You've probably noticed that I've stopped reviewing regularly. (I explained why here.) Anyone who knows me even a little will guess that I haven't stopped reading regularly. While I miss having the chance (more accurately, the time) to discuss each book in detail, there are pros and cons to both reviewing and not-reviewing. I've found that some of the time I previously spent reviewing now funnels back into my reading time. Still, I enjoy sharing what I have been reading, so here's my solution: one-line reviews. Okay, some of them are one sentence. Or one fragment. Or one...something. Basically, they're just mini mini-reviews. Enjoy.
Stolen (Heart of Dread #2) by Melissa de la Cruz and Michael Johnston
While it's not incredible, it's a unique dystopian world, and DRAGONS.
The Alex Crow by Andrew Smith
It's exactly the type of bizarre, twisting, raw, emotional experience I expect from an Andrew Smith book, though sometimes it gives me the impression that I have one too many X chromosomes to be Smith's intended audience.
Ask The Dark by Henry Turner
The story is okay, but the regional vernacular in the narration is a style to which it's hard to adjust.
Rush (The Game #1) by Eve Silver
It has a decent plot, but it's overshadowed by the most unhealthy and arbitrary romantic subplot I've read in a long time.
Storm (The SYLO Chronicles #2) by D.J. MacHale
Wait, where did that unnecessary love triangle/quadrilateral/whatever come from?
An Ember in the Ashes (An Ember in the Ashes #1) by Sabaa Tahir
Unique worldbuilding with a Roman vibe, but without memorable characters.
More Than This by Patrick Ness
This was a reread, so I'll direct you to my initial review, but I'll say this: it meant so much more to me the second time around, for various personal reasons (and it's just a book that gets better the more you can analyze it anyway).
Harrison Squared by Daryl Gregory
The story itself isn't bad, but it feels like the author has never been around teenagers before.
The Knife of Never Letting Go (Chaos Walking #1) by Patrick Ness
This is a another book that hit me in a completely different way, rereading it two years later. Original review here.
The Calling (Endgame #1) by James Frey
The story is compelling, but there are too many characters that it's difficult to connect to anyone, and the impersonal writing style doesn't help.
The Ask and the Answer (Chaos Walking #2) by Patrick Ness
Another feelsfest from Patrick Ness that is all at once gritty, raw, and beautiful. Original review here.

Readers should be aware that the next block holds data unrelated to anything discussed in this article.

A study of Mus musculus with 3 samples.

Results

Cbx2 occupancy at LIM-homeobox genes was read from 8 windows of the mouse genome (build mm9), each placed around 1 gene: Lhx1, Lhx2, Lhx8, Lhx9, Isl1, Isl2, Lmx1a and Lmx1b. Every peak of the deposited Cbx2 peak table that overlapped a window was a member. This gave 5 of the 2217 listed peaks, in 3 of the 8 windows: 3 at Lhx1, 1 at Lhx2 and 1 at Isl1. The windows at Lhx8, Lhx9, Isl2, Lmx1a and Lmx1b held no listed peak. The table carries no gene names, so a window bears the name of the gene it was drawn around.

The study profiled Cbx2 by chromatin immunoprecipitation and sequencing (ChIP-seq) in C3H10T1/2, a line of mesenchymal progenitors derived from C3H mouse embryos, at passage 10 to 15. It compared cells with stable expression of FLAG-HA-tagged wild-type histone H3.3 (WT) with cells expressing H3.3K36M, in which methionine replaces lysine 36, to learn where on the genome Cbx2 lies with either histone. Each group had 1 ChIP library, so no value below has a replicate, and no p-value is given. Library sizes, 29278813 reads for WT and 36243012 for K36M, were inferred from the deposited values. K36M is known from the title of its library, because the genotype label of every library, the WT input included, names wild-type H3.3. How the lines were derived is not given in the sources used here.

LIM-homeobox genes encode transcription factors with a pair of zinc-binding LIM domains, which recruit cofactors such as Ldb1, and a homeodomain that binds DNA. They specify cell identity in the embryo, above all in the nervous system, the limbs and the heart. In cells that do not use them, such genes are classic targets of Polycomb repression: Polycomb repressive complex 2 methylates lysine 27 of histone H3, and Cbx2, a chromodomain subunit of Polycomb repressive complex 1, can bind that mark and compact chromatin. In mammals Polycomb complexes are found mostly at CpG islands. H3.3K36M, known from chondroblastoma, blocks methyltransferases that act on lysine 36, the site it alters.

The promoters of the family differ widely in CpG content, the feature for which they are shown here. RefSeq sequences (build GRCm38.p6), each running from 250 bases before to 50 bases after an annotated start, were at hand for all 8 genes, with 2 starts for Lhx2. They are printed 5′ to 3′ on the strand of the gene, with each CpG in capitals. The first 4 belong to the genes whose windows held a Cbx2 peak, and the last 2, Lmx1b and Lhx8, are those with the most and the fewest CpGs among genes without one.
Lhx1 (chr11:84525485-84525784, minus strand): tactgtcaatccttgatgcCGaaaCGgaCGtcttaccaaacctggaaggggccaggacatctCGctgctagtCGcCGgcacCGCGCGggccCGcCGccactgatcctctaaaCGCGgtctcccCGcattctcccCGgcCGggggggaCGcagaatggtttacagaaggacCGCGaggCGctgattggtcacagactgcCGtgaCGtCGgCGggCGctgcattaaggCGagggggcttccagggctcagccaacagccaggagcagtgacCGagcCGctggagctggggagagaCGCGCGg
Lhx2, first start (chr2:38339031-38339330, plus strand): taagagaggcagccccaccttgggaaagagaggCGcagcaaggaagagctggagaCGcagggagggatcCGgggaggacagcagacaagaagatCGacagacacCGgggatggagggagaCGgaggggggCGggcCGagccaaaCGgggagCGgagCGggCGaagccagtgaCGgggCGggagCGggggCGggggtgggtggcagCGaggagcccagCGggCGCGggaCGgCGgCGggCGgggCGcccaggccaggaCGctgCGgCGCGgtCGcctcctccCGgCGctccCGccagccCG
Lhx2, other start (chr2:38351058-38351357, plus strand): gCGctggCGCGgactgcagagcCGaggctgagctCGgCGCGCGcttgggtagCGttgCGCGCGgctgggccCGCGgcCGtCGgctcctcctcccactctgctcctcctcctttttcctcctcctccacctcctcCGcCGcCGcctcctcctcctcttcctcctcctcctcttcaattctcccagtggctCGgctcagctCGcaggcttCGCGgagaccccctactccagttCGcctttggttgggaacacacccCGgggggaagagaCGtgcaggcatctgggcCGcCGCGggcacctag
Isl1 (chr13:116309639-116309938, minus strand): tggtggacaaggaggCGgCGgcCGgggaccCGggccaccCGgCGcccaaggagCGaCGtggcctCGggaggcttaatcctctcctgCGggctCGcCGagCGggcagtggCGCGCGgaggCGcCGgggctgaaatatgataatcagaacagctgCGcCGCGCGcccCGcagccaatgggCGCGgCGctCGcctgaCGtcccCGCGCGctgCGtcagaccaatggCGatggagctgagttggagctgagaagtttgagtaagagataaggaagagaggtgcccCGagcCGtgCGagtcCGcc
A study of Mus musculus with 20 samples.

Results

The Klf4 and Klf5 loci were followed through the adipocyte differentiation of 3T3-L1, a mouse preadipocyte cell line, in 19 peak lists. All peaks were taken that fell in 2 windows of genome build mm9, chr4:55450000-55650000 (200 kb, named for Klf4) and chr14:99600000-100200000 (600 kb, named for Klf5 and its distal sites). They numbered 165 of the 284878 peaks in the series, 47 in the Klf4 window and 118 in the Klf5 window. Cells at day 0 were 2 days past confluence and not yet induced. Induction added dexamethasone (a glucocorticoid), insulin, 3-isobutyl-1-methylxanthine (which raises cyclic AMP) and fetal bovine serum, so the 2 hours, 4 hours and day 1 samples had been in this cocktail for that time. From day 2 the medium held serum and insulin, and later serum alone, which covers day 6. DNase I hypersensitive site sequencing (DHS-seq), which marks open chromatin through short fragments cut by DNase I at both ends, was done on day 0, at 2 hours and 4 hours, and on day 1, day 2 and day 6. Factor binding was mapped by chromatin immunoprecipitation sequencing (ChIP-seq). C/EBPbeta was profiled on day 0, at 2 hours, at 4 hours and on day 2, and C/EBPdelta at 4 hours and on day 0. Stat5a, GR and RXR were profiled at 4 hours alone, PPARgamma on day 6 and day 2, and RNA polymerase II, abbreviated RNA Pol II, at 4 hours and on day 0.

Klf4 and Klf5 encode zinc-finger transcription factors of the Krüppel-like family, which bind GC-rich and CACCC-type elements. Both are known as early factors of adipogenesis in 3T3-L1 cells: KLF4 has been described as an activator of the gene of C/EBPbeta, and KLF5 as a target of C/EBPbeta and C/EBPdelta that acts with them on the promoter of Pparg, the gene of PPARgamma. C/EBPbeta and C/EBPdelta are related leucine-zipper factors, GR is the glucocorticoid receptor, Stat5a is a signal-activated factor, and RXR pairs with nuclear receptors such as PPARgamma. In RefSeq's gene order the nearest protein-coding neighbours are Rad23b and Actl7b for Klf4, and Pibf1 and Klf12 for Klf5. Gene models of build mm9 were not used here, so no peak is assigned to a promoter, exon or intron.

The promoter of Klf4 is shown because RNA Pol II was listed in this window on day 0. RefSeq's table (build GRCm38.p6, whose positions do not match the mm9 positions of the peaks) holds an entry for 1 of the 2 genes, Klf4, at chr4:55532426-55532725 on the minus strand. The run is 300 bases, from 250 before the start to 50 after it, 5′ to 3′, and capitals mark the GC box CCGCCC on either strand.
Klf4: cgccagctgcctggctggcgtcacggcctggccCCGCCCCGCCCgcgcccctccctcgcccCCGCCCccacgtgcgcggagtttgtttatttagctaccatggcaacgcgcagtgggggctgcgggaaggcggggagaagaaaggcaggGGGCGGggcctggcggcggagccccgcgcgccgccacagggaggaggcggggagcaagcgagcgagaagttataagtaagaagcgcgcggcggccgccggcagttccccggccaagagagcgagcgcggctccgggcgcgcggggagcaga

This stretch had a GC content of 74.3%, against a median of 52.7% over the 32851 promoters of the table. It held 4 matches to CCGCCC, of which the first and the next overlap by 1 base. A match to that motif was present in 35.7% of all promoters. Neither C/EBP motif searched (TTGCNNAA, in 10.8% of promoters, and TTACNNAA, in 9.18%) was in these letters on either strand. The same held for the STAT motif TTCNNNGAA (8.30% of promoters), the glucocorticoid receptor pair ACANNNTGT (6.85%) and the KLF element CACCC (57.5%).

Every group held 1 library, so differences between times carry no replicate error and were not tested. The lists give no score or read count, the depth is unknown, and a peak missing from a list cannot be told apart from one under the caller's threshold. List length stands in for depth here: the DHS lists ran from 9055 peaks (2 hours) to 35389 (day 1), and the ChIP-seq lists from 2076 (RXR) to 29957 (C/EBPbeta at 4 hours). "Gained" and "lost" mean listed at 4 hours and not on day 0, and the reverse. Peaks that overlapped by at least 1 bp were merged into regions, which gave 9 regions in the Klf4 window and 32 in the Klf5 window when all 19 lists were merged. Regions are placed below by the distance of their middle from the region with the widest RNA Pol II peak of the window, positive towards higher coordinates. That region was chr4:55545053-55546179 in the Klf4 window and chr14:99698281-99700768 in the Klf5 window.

Half the World (Shattered Sea #2) by Joe Abercrombie
Though it follows different characters than the ones I fell in love with in Half a King, Joe Abercrombie maintains his ability to make you genuinely care about them.
The First Fifteen Lives of Harry August by Claire North
I love the premise, but I was one hundred pages in and nothing was happening. Did not finish.
Monsters of Men (Chaos Walking #3) by Patrick Ness
Sometimes a book hits you at just the right time in your life to make it even more meaningful than it was the first time around; Chaos Walking is this series, for me. Original review here.
Half Wild (Half Bad Trilogy #2) by Sally Green
This one suffers from Middle-of-the-Trilogy slowness syndrome; it lost the intensity of its predecessor.
The Grace of Kings (The Dandelion Dynasty #1) by Ken Liu
The Asian-inspired worldbuilding is refreshing, but I never cared enough about the characters to stay invested through all of its length and complexity.
Undertow (Undertow #1) by Michael Buckley
While the "mermaid alien" aspect (for lack of a better term) is unique, it isn't enough to redeem this book's many Standard High School Paranormal Story cliches.
The Wrath and the Dawn (The Wrath and the Dawn #1) by Renee Ahdieh
Fantastic worldbuilding, characters I genuinely cared about, and a romance that feels refreshingly natural.
A Thousand Pieces of You (Firebird #1) by Claudia Gray
I can never resist a multiverse premise, and thankfully, this one did not disappoint.
The Crane Wife by Patrick Ness
It's no Chaos Walking, but it's Patrick Ness' signature combination of beautiful writing and hardcore FEELS.
Ignite (Defy #2) by Sara B. Larson
I'm still fond of the main character, Alexa, but the plot suffers from more predictability than the first novel.
Archivist Wasp by Nicole Kornher-Stace
I don't know what to make of this. The worldbuilding is never fleshed-out enough to satisfy my need to suspend disbelief, and the narration feels awkward.
Rook by Sharon Cameron
Rook is the most unique dystopia I've read in a long time, with a likable and memorable cast of characters to populate the oddly futuristic French revolution-esque world.
Razorhurst by Justine Larbalestier
Main character that hardly affects the plot + distant narration + a healthy dose of "not my thing" = did not enjoy.
The Martian by Andy Weir
The narration bothered me, but...space MacGyver...
What books have you loved (or hated) lately? (Also, what are your thoughts on this new style of "reviewing"?)